Based on the true events surrounding Frank Sinatra's tour of Australia. When Sinatra calls a local reporter a "two-bit hooker", every union in the country black-bans the star until he issues an apology.


Cast overview, first billed only:
Stephen O'Rourke ...
Jilly Rizzo
George Vidalis ...
Vinny
Peter Demlakian ...
Ruby
Vincent Ball ...
Rex Hooper
Jennifer Hagan ...
Doris

Based on the true events surrounding Frank Sinatra's tour of Australia. When Sinatra calls a local reporter a "two-bit hooker", every union in the country black-bans the star until he issues an apology.

Plot Summary | Add Synopsis

Taglines:

This nobody is about to catch a big somebody. See more »


Motion Picture Rating (MPAA)

Rated R for strong language | See all certifications »

Country:

|

Language:

Release Date:

14 August 2003 (Australia)  »

Also Known As:

All the Way  »

Box Office

Opening Weekend:

$113,686 (Australia) (15 August 2003)
 »

Company Credits

Show detailed on  »

Technical Specs

Runtime:

(Filmfest Hamburg)

Sound Mix:

Color:

Aspect Ratio:

1.85 : 1

Trivia

Also titled, "All the Way"... See more »

Goofs

There are a number of anachronisms in the Sydney backdrops, ostensibly set in the 1970s. The most obvious is the catamaran harbour ferry that crosses the screen, in an early night-time shot of the harbour bridge. These were not introduced until 15 years later in 1988. See more »

Quotes

Frank Sinatra: I have an apology to make. To all the hookers out there, I compared them to the media.
See more »

Connections

References The Godfather (1972) See more »

Soundtracks

I've Got You Under My Skin
Composed by Cole Porter
Performed by Tom Burlinson

 
Who knows where the road will lead us?
2 August 2004 | by (Jigoku West, a.k.a. Las Vegas) – See all my reviews

That song line from "all the way" is emblematic of The Night We Called It A Day, which starts out as a gritty piece of history, but ultimately becomes a testament to the joys of total romantic commitment.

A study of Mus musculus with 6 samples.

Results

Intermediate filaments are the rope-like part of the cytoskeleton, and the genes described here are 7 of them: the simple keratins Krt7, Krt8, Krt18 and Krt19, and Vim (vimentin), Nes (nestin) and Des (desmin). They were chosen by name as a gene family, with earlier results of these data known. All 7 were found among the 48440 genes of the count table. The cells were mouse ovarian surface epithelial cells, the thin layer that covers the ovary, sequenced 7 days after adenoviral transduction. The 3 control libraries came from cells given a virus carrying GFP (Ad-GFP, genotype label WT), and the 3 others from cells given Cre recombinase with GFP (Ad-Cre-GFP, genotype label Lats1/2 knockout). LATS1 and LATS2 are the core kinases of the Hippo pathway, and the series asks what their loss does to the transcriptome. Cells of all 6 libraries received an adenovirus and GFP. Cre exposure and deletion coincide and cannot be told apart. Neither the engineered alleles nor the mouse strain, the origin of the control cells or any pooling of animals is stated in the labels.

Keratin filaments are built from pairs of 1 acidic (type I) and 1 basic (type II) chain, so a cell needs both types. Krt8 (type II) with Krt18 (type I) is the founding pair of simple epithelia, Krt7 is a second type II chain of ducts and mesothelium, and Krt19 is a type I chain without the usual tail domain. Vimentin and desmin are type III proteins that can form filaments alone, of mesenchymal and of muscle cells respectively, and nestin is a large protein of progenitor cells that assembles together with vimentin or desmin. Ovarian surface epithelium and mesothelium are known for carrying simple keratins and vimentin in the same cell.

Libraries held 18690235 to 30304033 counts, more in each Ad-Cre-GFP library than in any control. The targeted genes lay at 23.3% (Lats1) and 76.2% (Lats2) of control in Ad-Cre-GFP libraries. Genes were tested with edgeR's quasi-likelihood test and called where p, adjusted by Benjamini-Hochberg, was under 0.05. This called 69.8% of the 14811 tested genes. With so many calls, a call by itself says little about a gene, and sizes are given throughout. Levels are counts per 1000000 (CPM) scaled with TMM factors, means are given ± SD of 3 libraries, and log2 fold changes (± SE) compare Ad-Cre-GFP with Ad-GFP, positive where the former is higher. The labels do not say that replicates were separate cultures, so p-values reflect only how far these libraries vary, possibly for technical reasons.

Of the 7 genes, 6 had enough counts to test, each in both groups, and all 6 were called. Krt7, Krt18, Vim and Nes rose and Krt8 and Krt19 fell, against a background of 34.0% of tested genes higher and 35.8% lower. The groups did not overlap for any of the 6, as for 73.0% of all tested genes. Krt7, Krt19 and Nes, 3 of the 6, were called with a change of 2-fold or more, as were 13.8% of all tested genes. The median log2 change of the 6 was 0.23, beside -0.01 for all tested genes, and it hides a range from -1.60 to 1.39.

For much of The Night We Called It A Day, I thought I had the movie completely pegged: Frank Sinatra, representing US Cultural Imperialism, running roughshod over the Australian locals. I'm not thin-skinned, and not uncritical of the US myself, so I thought, okay...that along with the voyeur's pleasure of seeing the crude reality of Sinatra's private life portrayed on screen is sufficient for 90 minutes entertainment.

But what starts out seeming like a poison pen letter turns out to be more of a Valentine, and the switch from one to the other makes the conclusion especially satisfying and exhilarating. The filmmakers play fast and loose with the facts toward the end, but the result is worth the artistic license.

I doubt anyone could play Sinatra and come out on top; in his own films Sinatra had a singular presence that could never be duplicated by any mere actor. Hopper isn't mimicking, however, he is acting, and he does a good job of conveying the essence of his character. I imagine the most difficult part of the role was bringing the audience along in those scenes where Sinatra, without dropping his tough guy act, reveals a tiny glimpse of the sweeter inner man. I bought it.

Maybe I was just in a receptive mood, but I immensely enjoyed it.